Anyone who knows me knows that I am very interested in food. I wouldn’t call myself a connoisseur of fine dining per se, although I do love eating a good meal. What I actually enjoy more than eating is putting food together. I love the process of constructing a pan sauce, roasting vegetables and watching them caramelize, using spices and herbs in a way that makes a balanced and satisfying soup. Most days of the week find me cooking something from scratch simply because, for me, it is such a pleasure.
Even more enjoyable than cooking though is reading about cooking. I devour cookbooks, so to speak, follow a number of cooking blogs, and Bon Appetit is my favorite magazine. My favorite writing though has to be a species known as the “culinary memoir,” and while I have enjoyed the muscular prose of writers such as Anthony Bourdain and Jacques Pepin, my favorite writers of this sort are women. Here follows a casual “pantheon” of those who I most admire…at least this week.
First, here’s some of the newer voices. All three of these women have been strong voices in the culinary world for some time now but I think you could say that each one is still testing her powers.
Julie Powell (above left) is the author of Julie and Julia a book that grew out of a blog she started in order to record her struggles and triumphs to cook every recipe in Julia Child’s hugely influential Mastering the Art of French Cooking within the space of one year. The book has, of course, since been adapted into a film starring Amy Adams and Meryl Streep. Since then, Powell has published Cleaving: A Story of Marriage, Meat, and Obsession an equally absorbing, though to my mind much darker account, of the aftermath of her publishing success and the changes that have taken place in her marriage.
Amanda Hesser (above center) is a former food editor for the New York Times and is the author of Cooking for Mr. Latte, a compulsively readable (and re-readable!) account of the courtship between herself and her husband. Hesser now runs, with Merrill Stubbs, the food website food52. At DCPL check out The Cook and the Gardener, Hesser’s story of a year she spent as cook at a chateau in France and the interesting friendship that developed between herself and the estate’s gardener.
Molly Wizenberg (above right) writes a monthly column for Bon Appetit and is the author of the long running (and very popular) food blog Orangette. At DCPL you can find her charming memoir A Homemade Life.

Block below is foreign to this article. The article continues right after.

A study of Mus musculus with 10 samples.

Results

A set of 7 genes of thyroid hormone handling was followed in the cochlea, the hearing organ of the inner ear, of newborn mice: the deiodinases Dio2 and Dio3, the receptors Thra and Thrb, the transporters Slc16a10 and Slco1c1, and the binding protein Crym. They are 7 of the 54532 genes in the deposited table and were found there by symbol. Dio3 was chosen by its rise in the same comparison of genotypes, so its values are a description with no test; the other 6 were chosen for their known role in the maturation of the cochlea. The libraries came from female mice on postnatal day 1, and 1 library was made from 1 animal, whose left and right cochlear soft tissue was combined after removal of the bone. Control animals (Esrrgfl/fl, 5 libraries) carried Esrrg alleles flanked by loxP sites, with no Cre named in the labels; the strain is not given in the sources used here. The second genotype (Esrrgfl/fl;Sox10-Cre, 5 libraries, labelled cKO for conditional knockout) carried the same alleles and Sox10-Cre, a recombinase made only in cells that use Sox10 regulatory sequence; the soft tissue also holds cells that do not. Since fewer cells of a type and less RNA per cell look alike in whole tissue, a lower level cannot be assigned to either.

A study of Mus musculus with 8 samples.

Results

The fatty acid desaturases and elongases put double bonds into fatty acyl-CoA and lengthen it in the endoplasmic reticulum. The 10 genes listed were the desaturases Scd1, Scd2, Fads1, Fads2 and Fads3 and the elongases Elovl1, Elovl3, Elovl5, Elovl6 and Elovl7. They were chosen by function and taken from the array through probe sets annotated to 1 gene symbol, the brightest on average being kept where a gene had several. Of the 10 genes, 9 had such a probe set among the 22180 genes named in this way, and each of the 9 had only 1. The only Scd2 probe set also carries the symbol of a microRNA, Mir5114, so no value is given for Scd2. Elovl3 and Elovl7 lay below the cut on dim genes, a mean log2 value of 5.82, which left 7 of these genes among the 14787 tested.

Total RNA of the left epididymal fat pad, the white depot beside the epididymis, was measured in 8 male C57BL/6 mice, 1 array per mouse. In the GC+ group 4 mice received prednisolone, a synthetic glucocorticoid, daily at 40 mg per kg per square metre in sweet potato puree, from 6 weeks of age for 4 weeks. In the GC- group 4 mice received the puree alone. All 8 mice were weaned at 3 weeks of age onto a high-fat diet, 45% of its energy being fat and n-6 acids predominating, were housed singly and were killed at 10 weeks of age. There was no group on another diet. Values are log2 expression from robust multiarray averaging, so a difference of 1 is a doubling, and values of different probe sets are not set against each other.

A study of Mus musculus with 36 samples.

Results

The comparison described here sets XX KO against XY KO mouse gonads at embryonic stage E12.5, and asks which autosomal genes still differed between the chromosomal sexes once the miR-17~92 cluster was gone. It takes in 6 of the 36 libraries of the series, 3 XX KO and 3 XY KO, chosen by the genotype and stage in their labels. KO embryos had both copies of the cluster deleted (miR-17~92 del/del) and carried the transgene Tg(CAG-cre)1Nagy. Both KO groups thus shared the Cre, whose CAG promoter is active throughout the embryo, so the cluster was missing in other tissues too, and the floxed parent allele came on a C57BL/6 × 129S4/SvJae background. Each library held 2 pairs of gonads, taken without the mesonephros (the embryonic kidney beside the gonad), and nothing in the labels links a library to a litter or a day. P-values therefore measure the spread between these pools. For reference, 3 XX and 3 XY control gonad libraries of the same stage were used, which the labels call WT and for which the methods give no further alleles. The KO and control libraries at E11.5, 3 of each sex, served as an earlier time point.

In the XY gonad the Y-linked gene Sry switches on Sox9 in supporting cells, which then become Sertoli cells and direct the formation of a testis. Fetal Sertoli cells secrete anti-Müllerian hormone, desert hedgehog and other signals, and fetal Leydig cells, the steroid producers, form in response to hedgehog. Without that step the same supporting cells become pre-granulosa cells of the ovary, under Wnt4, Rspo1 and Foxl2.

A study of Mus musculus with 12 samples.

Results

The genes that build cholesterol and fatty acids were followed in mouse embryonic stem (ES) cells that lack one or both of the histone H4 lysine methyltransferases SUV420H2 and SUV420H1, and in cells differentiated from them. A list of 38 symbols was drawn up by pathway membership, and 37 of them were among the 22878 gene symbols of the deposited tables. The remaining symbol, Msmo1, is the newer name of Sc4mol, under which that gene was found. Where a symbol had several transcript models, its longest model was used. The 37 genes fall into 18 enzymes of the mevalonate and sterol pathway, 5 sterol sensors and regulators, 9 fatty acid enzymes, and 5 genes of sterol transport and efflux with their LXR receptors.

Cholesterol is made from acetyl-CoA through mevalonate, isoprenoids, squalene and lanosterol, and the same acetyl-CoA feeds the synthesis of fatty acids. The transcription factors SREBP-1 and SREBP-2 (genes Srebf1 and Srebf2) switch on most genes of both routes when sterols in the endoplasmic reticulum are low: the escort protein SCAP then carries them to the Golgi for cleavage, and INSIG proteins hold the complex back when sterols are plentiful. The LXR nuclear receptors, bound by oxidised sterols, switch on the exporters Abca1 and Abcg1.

Which brings us to the next member of my personal pantheon, Julia Child. Considered by many as a true giant in the culinary world, (This in more ways than one! She stood over six feet tall.) Child is arguably the person who led the way in re-awakening the American palate. The deprivations of the Prohibition Era combined with those of the Great Depression left many Americans with little real experience of fine restaurant dining and quality home cooking. Julia Child stepped in to help satisfy the national yearning with her monumental work Mastering the Art of French Cooking (co-written with Simone Beck and Louisette Bertholle). After years of success with writing and television, Child’s editor, the legendary Judith Jones, finally convinced her to write her memoir. My Life In France was completed by Child’s nephew and co-writer Alex Prud’homme after her death in 2004. The book chronicles Child’s formative years in France and beyond and her awakening to the world’s culinary possibilities. It is also, in my opinion, a wonderful love letter to Child’s adored husband and loyal partner Paul.
Although less well known than Julia Child to most of us in this county, one could argue that Elizabeth David did for post WWII Britain what Child did for the U. S. David’s palate had been sparked, then refined, by extensive travel, particularly in the Mediterranean and the Middle East. Her writing awakened in a nation, still struggling with rationing, a desire for exotic, sun-drenched flavors (olive oil! lemon!). Though none of her books is memoir per se, most of her writing possesses an intensely personal quality. You find in her essays and articles a sort of arched eyebrow slyness and hints of a wicked sense of humor. One comes away with the perception, correct or not, that she wrote primarily to please herself. My favorite of her books is An Omelette and A Glass of Wine, a collection of articles she published between 1955 and 1984. From DCPL, I recommend Elizabeth David Classics: Mediterranean Food, French County Cooking, and Summer Cooking. The book combines three of David’s best known works in a single volume and it provides a heady sample of the allure of this seductive and idiosyncratic writer.
Now to the writer who I consider the queen of my personal culinary pantheon, Mary Frances Kennedy Fisher, better known to the world as M.F.K. Fisher. A prolific and energetic writer, Fisher produced more than 20 books during her lifetime. Much of her writing concerns itself with human hungers – for love, for home, and, of course, for food. To read Fisher’s prose is to be captured by her passion for life, her quirky personality, and her precise and painterly feeling for atmosphere and nuance. John Updike called her “the Poet of the appetites,” and W. H. Auden declared, “I do not know of any one in the United States who writes better prose.” I would be hard pressed to pick a “best” among her many books although Consider the Oyster and How to Cook a Wolf remain favorites. From DCPL, try A Stew or A Story for a taste of some of the best of Fisher’s food-related writing. For something a bit different, check out Among Friends, Fisher’s moving account of growing up in the predominantly Quaker community of Whittier, California. Whatever you chose, I urge you to sample, or make a meal, of Fisher’s unusual and utterly absorbing prose.